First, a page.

FDIC Secretly Settling Bank Cases For Years With 'No Press Release' Clause: Report

Source: Huffington Post

At the request of rule-breaking bankers, a top U.S. regulator has for years settled bank cases in secret, raising the bar on just how far regulators are willing to go to help the industry they regulate.

The Federal Deposit Insurance Corp., which insures bank deposits in the U.S. and shuts down failing banks, has since 2007 repeatedly settled charges of banker wrongdoing by agreeing to "no press release" clauses that keep the settlements a secret, the Los Angeles Times reports.

In one particularly glaring example, Deutsche Bank agreed to pay $54 million to quietly settle charges that its New York mortgage-banking subsidiary, MortgageIT, sold bad loans to another mortgage bank, Independent National Mortgage Corporation, a/k/a "IndyMac." IndyMac collapsed under the weight of bad mortgage loans in July 2008, a notable milestone in the financial crisis.

In exchange for the settlement, the FDIC agreed not to announce the deal unless it was asked about it, the LAT writes. That was just one of "scores" of such settlements the LAT discovered through a Freedom of Information Act request that turned up 1,600 pages of documents.

Read more: http://www.huffingtonpost.com/2013/03/11/fdic-settlements-no-press-release_n_2854846.html

12 replies, 2732 views

Cali_Democrat Mar 2013 OP
Laurian Mar 2013 #1
fascisthunter Mar 2013 #2
Jack Rabbit Mar 2013 #3
MichiganVote Mar 2013 #4
silvershadow Mar 2013 #5
JackRiddler Mar 2013 #6
OnyxCollie Mar 2013 #7
blkmusclmachine Mar 2013 #8
Roland99 Mar 2013 #9
abelenkpe Mar 2013 #10
Left Coast2020 Mar 2013 #11
JackRiddler Mar 2013 #12

Response to Cali_Democrat (Original post)

Mon Mar 11, 2013, 08:43 PM

1. Elizabeth Warren sure had these folks pegged correctly. I

hope her efforts to expose the cozy relationships between financial institutions and their regulators brings all the cockroaches out into the light for proper judgement.


Mon Mar 11, 2013, 08:51 PM

2. it pays to be a scumbag in America


Mon Mar 11, 2013, 09:02 PM

3. Some regulators need to go to jail

Do not pass Go. Do not start your new job on Wall Street.


Mon Mar 11, 2013, 09:12 PM

4. Well, this surely sets up the next time the bastards want to wreck the US economy.

Now they know for sure, they can get away with economic murder.


Mon Mar 11, 2013, 09:17 PM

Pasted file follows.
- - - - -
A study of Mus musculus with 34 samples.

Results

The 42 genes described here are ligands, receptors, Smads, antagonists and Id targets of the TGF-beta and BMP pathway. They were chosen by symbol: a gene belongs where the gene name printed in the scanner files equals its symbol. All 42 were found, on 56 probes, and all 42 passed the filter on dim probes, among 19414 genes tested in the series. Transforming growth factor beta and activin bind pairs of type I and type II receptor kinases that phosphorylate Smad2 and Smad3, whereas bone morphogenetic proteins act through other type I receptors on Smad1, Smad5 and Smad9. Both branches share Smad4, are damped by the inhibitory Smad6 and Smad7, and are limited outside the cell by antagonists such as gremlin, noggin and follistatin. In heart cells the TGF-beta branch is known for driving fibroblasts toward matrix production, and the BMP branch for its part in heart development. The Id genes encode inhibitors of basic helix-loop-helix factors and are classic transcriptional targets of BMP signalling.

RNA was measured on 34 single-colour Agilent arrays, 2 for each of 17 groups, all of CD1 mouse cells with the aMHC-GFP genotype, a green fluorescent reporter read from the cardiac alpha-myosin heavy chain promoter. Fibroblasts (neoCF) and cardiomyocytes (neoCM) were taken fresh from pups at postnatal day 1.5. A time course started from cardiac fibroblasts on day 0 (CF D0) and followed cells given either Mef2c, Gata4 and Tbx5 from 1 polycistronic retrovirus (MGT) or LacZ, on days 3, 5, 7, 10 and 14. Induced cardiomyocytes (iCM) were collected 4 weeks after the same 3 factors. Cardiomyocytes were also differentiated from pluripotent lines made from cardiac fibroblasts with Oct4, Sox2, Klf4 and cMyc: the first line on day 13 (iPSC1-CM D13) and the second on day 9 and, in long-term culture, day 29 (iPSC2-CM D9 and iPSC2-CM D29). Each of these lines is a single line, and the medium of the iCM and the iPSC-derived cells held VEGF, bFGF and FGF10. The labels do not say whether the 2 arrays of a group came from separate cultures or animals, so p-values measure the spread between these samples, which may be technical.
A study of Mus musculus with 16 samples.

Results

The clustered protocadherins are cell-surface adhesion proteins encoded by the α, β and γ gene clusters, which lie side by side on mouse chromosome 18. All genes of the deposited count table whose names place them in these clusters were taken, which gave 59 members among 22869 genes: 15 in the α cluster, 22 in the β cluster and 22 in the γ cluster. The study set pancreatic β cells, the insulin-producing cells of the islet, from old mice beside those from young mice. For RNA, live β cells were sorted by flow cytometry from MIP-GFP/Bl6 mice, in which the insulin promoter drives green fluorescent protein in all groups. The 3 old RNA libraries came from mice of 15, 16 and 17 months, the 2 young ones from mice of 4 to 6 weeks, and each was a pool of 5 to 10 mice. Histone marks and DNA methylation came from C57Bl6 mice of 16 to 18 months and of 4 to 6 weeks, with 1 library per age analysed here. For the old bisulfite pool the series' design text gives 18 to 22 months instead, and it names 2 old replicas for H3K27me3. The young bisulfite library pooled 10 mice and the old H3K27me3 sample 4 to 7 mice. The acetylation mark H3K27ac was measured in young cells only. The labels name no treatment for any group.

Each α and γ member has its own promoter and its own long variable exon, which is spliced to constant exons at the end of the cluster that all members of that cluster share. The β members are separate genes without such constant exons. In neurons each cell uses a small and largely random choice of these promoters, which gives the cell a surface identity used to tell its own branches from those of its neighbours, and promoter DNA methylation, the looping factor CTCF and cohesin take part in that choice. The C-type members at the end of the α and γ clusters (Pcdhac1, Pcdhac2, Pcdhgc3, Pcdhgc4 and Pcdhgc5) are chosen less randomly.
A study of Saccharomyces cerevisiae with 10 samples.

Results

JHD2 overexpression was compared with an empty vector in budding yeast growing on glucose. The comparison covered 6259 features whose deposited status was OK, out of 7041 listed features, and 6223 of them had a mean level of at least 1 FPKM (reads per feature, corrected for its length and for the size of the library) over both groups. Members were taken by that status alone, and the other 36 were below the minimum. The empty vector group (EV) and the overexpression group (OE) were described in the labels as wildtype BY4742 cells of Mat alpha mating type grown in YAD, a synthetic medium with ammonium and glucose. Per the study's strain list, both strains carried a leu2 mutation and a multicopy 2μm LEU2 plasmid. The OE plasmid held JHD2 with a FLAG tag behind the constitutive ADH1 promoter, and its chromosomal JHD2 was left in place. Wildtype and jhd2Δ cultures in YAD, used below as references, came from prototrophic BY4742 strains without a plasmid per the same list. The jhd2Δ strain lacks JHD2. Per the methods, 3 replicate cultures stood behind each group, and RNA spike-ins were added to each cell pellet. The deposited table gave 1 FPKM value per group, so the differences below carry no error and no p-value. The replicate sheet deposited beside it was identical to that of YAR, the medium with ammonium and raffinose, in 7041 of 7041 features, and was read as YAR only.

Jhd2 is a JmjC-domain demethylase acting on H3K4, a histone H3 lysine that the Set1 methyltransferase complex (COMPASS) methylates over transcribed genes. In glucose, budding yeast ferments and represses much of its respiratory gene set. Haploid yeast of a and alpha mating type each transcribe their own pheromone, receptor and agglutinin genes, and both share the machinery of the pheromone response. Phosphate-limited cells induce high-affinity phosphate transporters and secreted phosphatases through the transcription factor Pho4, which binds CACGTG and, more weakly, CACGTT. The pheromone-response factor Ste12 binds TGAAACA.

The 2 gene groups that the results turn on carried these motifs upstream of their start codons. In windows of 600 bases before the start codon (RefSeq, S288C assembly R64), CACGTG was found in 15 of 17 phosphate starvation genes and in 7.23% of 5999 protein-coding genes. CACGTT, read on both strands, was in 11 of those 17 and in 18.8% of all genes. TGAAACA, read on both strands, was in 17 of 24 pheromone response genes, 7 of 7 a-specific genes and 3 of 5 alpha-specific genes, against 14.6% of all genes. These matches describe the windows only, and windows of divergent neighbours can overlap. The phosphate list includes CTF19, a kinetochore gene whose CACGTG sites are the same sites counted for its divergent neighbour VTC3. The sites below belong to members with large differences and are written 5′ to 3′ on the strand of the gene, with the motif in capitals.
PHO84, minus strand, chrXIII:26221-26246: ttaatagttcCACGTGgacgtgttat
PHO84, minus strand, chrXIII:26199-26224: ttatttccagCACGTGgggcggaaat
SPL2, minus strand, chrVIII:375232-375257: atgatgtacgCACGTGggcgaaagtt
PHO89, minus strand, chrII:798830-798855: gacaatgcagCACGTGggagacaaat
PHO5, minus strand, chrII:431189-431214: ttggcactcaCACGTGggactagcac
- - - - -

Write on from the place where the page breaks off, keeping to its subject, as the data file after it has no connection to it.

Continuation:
5. Apparently transparency=invisibility. nt


Mon Mar 11, 2013, 09:41 PM

6. Original article from LA Times:



http://www.latimes.com/business/la-fi-fdic-settlements-20130311,0,3871291.story

In major policy shift, scores of FDIC settlements go unannounced

Since the mortgage meltdown, the FDIC has opted to settle cases while helping banks avoid bad press, rather than trumpeting punitive actions as a deterrent to others.

By E. Scott Reckard, Los Angeles Times

4:05 AM PDT, March 11, 2013

Three years ago, the Federal Deposit Insurance Corp. collected $54 million from Deutsche Bank in a settlement over unsound loans that contributed to a spectacular California bank failure.

The deal might have made big headlines, given that the bad loans contributed to the largest payout in FDIC history, $13 billion. But the government cut a deal with the bank's lawyers to keep it quiet: a "no press release" clause that required the FDIC never to mention the deal "except in response to a specific inquiry."

The FDIC has handled scores of settlements the same way since the mortgage meltdown, a major policy shift from previous crises, when the FDIC trumpeted punitive actions against banks as a deterrent to others.

Since 2007, 471 U.S. banks have failed, nearly depleting the FDIC deposit-insurance fund with $92.5 billion in losses. Rather than sue, the agency has typically preferred to settle for a fraction of the losses while helping the banks avoid bad press.

Read more at link!



For fuck's sake!

Do they pretend the cash from the settlements landed magically in their accounts? Maybe they should launder it through other agencies, or better yet HSBC.

Un-fucking-believable! Non-disclose settlements with criminals!

Hey, market's up for jillionth day in a row. What could ever go wrong again?


Mon Mar 11, 2013, 10:21 PM

7. It's not as good as retroactive immunity,

but the government got their cut of the booty and that's all that matters.


Mon Mar 11, 2013, 10:27 PM

8. Savvy businessmen


Mon Mar 11, 2013, 10:49 PM

9. Didn't Sheila Bair head the FDIC then?


Mon Mar 11, 2013, 11:07 PM

10. So the governments been making money and

Wall street has been making money but the rest of us still have depressed wages and benefits and need to sacrifice more?


Tue Mar 12, 2013, 02:43 AM

11. I think Senator Warren should see this...

But I'm not a constituent of hers.


Tue Mar 12, 2013, 12:31 PM

12. incredible!

Semi-secret government, even in this.